Our judge’s wig represents the applicable law and jurisdiction for the contract.
All contracts should state their applicable law and jurisdiction, even if they are between parties who are both located in the same country. This is because there is a plethora of international conventions and treaties which set out their own methods for determining the law and jurisdiction applicable to any particular dispute, based upon the location of the vendor, the location of the buyer, and the location of the goods or services.
To make sure that the law you’ve chosen will apply, rather than whatever the most relevant convention decides upon, it’s essential to state explicitly in the contract which law you intend to have as the governing law of the contract.
So what’s the difference between law and jurisdiction?
The applicable law will determine which set of rules is to be used for interpreting the contract and the circumstances, in the event of a dispute. This can be very important, as some provisions will work differently under one law or another. For example, penalty clauses are unenforceable under English law, but are completely acceptable under many other countries’ legal systems.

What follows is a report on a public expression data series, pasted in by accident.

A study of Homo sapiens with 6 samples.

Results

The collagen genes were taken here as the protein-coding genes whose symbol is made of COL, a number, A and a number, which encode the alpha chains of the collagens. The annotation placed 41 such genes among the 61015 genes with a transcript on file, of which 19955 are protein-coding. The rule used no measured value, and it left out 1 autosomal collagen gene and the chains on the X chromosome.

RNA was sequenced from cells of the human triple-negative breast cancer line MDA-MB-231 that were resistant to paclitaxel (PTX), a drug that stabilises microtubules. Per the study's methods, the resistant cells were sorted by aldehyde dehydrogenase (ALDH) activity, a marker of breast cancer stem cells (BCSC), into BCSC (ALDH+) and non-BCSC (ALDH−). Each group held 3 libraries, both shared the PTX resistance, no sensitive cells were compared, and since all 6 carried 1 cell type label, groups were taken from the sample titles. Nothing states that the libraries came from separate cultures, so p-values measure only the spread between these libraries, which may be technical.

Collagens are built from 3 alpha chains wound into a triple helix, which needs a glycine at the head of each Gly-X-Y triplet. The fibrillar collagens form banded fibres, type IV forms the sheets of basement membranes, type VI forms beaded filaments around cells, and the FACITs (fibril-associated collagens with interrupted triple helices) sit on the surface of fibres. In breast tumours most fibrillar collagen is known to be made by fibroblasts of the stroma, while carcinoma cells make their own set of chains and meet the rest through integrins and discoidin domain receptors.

The jurisdiction determines which Courts have authority to hear and decide upon any dispute under the contract. Usually, the jurisdiction and the applicable law go together – so you might have English law, and the jurisdiction of the English Courts, for example. But this is not necessarily the case, and it is possible (for example, if the contracting parties are in different countries) for them to choose a neutral third country as the place of jurisdiction for their disputes.
If you are contracting with an overseas party, you should think carefully about the best jurisdiction for your contract. While having your own local courts may be most cost effective (meaning less travel costs for you, no language difficulties, etc), you may find it difficult to enforce their ruling against the other party in the event that the other party breaches the contract.
For that reason, it’s best to consider which party is most likely to be in breach of the agreement at some stage, and whether you are more likely to be on the defending or the prosecuting side. Look at what treaties exist between your country and the other party’s home country, to see how easy it would be to enforce a judgement by your Courts in their territory.
You should also consider including a mediation provision in your contract, specifying that the parties must try mediation before taking a dispute to Court. This can save a great deal of time, money and embarrassment, as mediation hearings are in private rather than the public glare of the Courts.
One final note – remember that there’s no such thing as “UK law” or “British law”. This fine Kingdom (Queendom?) has an interesting range of legal statutes within its borders. Generally, when people say “UK law” they mean “the laws of England and Wales”. Many things work very differently in Scotland, for example! So you should either reference “English law” or “the laws of England and Wales”, if you intend English law to apply to your contract.
Want to know more? Contact Devant for contract assistance!